LONDON -- One of the loneliest and longest-suffering victims of Britain's recession has been Prince Albert, consort of Queen Victoria.
The prince hasn't been seen much of late. He's dead, of course, but that's not the reason.
Albert has been immured these past three years in an immense protective box of plastic screening. This is surrounded by an opaque green fence, a hedge of scaffolding, and there are further barriers within.
Inside, the amiable prince, 14 feet tall, wrought in bronze, sits on his throne. He is spotted here and there with droppings from pigeons without respect for the royal person. Above him is a huge spire that, owing to its brittle iron supports, might fall on his head at any moment.
Albert, screened from view, tranquilly reads a catalog of the Great Exhibition of 1851 that he sponsored. This was an industrial show that drew the attention of the world.
Albert's prison rises 165 feet, above the trees of Kensington Gardens. It is said to have the dubious distinction of being the world's tallest piece of free-standing scaffolding.
The memorial inside was designed by Sir George Gilbert Scott. It stands across from the magnificent, elliptical Royal Albert Hall, a place used for everything from the severest exhibition of high culture, to boxing matches, and which is the venue for London's communal summer Promenade Concerts.
Albert remains behind the scaffolding because the government says it can't spare the 10 million pounds [$16 million] in these hard times to clean him up and fix the monument so it won't fall down.
To that, the friends of the prince have a word -- more a Victorian exclamation: Tommyrot!
One such friend is Teresa Sladen. She's the secretary of the Victorian Society. She and the rest of her cabal are trying to instigate a Free Albert movement. They write exigent letters to their members of Parliament, to the Heritage Secretary Peter Brooke, to anyone with any pull in the government or out of it.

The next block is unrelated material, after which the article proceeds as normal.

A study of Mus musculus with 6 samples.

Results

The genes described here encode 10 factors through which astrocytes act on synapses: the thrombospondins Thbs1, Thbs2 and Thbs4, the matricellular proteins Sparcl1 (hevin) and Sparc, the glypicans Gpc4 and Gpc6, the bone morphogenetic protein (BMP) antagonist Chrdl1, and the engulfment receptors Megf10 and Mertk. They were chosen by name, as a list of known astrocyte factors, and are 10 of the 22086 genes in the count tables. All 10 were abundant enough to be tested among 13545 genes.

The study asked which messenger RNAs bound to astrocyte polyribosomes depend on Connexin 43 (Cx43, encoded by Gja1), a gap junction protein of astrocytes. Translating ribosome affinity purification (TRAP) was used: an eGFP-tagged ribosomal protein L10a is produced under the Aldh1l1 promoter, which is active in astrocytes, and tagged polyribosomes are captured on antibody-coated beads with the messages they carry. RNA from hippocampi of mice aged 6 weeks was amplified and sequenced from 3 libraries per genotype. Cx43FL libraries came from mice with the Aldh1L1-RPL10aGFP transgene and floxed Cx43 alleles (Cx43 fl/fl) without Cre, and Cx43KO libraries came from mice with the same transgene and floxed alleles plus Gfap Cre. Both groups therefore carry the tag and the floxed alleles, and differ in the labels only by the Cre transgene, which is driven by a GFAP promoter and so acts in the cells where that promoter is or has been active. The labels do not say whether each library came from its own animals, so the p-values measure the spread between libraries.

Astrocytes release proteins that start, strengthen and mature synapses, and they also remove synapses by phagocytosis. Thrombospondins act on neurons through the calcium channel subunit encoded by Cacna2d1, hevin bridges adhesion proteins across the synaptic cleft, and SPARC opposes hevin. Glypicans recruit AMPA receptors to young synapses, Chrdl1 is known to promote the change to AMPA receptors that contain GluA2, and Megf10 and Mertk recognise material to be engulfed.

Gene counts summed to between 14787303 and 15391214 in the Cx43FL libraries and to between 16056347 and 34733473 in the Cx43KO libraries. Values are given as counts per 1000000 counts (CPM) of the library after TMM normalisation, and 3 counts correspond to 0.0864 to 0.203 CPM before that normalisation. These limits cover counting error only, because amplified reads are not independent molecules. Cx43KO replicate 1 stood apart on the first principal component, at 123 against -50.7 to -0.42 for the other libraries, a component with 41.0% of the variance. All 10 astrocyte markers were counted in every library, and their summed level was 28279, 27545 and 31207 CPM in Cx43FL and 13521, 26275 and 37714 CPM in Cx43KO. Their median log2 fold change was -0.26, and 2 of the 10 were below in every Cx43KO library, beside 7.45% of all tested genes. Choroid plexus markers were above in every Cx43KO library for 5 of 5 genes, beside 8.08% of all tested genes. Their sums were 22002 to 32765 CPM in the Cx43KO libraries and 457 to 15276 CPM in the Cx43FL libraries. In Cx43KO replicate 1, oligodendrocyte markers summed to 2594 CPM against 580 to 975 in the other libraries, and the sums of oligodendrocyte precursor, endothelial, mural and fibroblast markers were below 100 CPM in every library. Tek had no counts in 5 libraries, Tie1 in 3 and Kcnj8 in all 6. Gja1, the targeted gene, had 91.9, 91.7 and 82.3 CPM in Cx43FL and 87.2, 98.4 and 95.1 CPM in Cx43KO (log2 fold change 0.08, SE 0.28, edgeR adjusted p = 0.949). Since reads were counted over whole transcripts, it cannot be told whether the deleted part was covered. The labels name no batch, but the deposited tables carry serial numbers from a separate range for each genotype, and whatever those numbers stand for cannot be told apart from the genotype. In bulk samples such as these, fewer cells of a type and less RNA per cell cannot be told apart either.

The National Rifle Association would approve of their strategies.
Ms. Sladen's comments on the neglect of a monument she describes as the very best example of the "Gothic Revival in England" could probably only be matched in cold fury by the late Victoria herself.
Ms. Sladen has nothing but disgust and contempt for those who would keep Albert behind a fence when all those tourists are outside snapping pictures of the Royal Albert Hall with no inkling of the visual splendor hidden right behind them.
Worse still, even Londoners are starting to forget all about the monument and its heroic proportions. "When you say it's a TTC marvelous thing, why people can't even remember it," said the peeved Ms. Sladen.
She described the Albert Memorial as emblematic of Britain's capital city -- "Significant in its way for London as the Eiffel Tower is for Paris."
It "belongs to the people of this country," she said. "The government has been extraordinarily philistine and uncaring in this matter. It is clear they don't appreciate the significance of it when 40 million pounds can be found to restore the state rooms at Windsor [Castle], really a mediocre collection of Georgian rooms, and they can't find 10 million to restore something of far greater historical and architectural value."
What really irritates those in the Free Albert movement is the thought that the government spends about $400,000 a year just to maintain the plastic and steel screening, which one wag, trying to make the best of a bad situation, described as, "the world's tallest eyesore."
So what is to be done? If the government won't provide the money, where do the Victorians turn?
Another representative of the Victorian Society, a young woman who asked that her name not be used, suggested an appeal to the queen. Everyone knows she's not bad off, and it would be an appeal not without justification.
The Albert Memorial was built by public subscription. The people, not the government of the time, paid for it. In fact the Victorians so loved the royal pair they chipped in more than the 137,081 pounds needed to complete it. The extra, 5,500 pounds, they gave to Victoria as a gift.
"Now," said the young Victorian, "we think we should have it back from her descendant, Queen Elizabeth II. It means about 300,000 pounds [about $480,000] in today's money. That would help a lot."